KUALA LUMPUR, Sept 19 — Former prime minister Datuk Seri Najib Razak had in 2012 ultimately received a total of US$30 million (RM140.8 million) in funds which had originated from US$1.64 billion belonging to a 1Malaysia Development Berhad (1MDB) subsidiary, the High Court heard today.
Bank Negara Malaysia (BNM) analyst Adam Ariff Mohd Roslan laid out the money trail for how money had trickled down from 1MDB Energy (Langat) Limited’s (1MELL) US$1.64 billion to several entities — including a company belonging to Malaysian fugitive Low Taek Jho’s Malaysian associate Eric Tan Kim Loong — before the US$20 million reached Najib’s private AmIslamic bank account. These multi-layered transactions all took place within just one month.
Adam Ariff is the 47th prosecution witness in Najib’s trial over RM2.28 billion of funds misappropriated from 1MDB and alleged to have entered the former finance minister’s personal bank accounts.
Adam Ariff referred to multiple banking documents for the entire money trail, showing that the funds that entered Najib’s AmIslamic account travelled through the accounts could all be traced back to the 1MDB subsidiary’s US$1.64 billion.
Based on Adam Ariff’s testimony, 1MELL had issued a bond — or took on debt — to raise funds to buy energy assets, and 1MELL had on October 19, 2012 received US$1.64 billion in its Falcon Bank account after issuing the bond.
He said 1MELL had zero funds in its bank account before receiving the US$1.64 billion on October 19, 2012, and that 1MELL had on the same day transferred US$790 million to the British Virgin Islands-incorporated (BVI) company Aabar Investments PJS Limited’s (Aabar-BVI) BSI bank account. This Aabar is now known to be a fake Aabar.
In confirming that the US$790 million in Aabar-BVI could be fully traced back to the US$1.64 billion from 1MELL, Adam Ariff said the bank statements show that 1MELL had zero funds before it received the US$1.64 billion from the bond and that 1MELL did not receive money from any other sources before it sent out the US$790 million to Aabar-BVI.
Before Aabar-BVI received the US$790 million in its account, its last balance was over US$15 million.
Bank Negara Malaysia analyst Adam Ariff Mohd Roslan arrives at the Kuala Lumpur High Court Complex on September 19, 2023. ― Picture by Yusof Mat Isa
He then went on to show how the chain of transactions continued uninterrupted, with Aabar-BVI then purportedly investing US$291,243,827 or over US$291 million into the Cistenique Investment Fund on October 23, 2012 (or to be exact US$285 million plus tax and other costs).
Aabar-BVI later on November 7, 2012 purportedly invested US$96,938,776 in Enterprise Emerging Markets Fund (EEMF) (or to be exact US$95 million plus tax and other costs).
But just as quickly as the Aabar-BVI’s funds totalling over US$388 million went into Cistenique and EEMF, those funds quickly flowed out to Blackstone Asia Real Estate Partners’s Standard Chartered bank account within just a day or two, before the portion totalling US$30 million then flowing out to Najib’s account.
Based on banking documents, Blackstone’s beneficiary owner is Tan Kim Loong --- widely known as Low’s associate.
On October 24, 2012, Cistenique sent out US$285 million to Blackstone; while EEMF on November 8, 2012 sent US$95 million to Blackstone.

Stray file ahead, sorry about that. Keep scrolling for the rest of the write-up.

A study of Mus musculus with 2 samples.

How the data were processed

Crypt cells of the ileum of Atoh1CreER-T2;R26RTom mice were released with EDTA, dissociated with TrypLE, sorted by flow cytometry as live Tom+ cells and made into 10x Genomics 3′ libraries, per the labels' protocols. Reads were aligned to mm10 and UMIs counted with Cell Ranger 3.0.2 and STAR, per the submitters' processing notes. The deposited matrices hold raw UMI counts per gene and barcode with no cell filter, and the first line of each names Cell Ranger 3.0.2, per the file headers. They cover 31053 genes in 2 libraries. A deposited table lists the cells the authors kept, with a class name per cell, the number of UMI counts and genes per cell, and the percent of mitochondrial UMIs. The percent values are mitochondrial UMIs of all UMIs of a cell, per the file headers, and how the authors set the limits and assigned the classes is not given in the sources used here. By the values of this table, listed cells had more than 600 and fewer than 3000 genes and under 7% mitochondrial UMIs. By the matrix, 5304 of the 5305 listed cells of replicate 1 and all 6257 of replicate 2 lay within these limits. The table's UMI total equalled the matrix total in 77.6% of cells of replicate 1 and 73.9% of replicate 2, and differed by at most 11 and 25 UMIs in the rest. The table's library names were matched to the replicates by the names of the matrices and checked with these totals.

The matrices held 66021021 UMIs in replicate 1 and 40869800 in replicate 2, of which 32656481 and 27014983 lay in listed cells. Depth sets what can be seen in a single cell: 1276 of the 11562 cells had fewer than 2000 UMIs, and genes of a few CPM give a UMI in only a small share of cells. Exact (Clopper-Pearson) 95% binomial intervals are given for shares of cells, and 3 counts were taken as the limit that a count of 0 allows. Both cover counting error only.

Blackstone on October 30, 2012 sent US$5 million and on November 19, 2012 sent US$25 million to Najib’s AmIslamic Bank account known as “2112022009694” and which had the codename “AmPrivate Banking-MR”.
Based on bank documents, Adam Ariff said over RM15 million (RM15,149,963.64) and over RM75 million (RM75,749,963.64) were sent to Najib’s account, which comes out to a total of over RM90 million (RM90,899,927.28).
This is the second phase of the 1MDB scheme which has been cited by the prosecution.
Asked by deputy public prosecutor Kamal Baharin Omar this afternoon regarding the source of the RM90 million funds in Najib's account under the second phase, Adam Ariff replied: "The funds received by Najib Razak personal account from Blackstone Asia Real Estate Partners amounting to RM90,899,927.28 originated from the proceeds of the bond received by 1MELL in 2012."
On the first day of trial, the prosecution had said it would show that 1MDB funds had been transferred in multiple transactions to Najib’s accounts in four phases.
The four phases are namely US$20 million equivalent to RM60,629,839.43 or over RM60 million from the first phase, US$30 million equivalent to RM90,899,927.28 or over RM90 million (second phase), US$681 million equivalent to RM2,081,476,926 or over RM2 billion (third phase), and transactions in British pound that were equivalent to RM4,093,500 and RM45,837,485.70 or a combined total of RM49,930,985.70 million or over RM49 million (fourth phase).
Yesterday, Adam Ariff showed how US$20 million had in 2011 flowed in from funds originating from 1MDB to the same “AmPrivate Banking-MR” bank account owned by Najib, with Najib’s account having only RM484 before those funds started coming in. This was the first phase, with funds having also travelled through Low’s Good Star Limited’s bank account before reaching Najib. Low is better known as Jho Low.
Asked by deputy public prosecutor Kamal Baharin Omar this morning for his full analysis of where the RM60 million had originated from, Adam Ariff said this RM60 million sum received in Najib’s account from a Riyad bank account belonging to a “Prince Faisal” had originated from an Islamic bond or Islamic medium-term note issued by 1MDB’s predecessor 1MDB in 2009 as well as a RM2.5 billion syndicated term loan borrowed by 1MDB.
Najib was seen in a light grey suit with a red tie, while his wife Datin Seri Rosmah Mansor was not seen inside the courtroom today.
Najib’s 1MDB trial before judge Datuk Collin Lawrence Sequerah resumes tomorrow morning, with Adam Ariff expected to go through banking transactions under the third phase of the 1MDB scheme.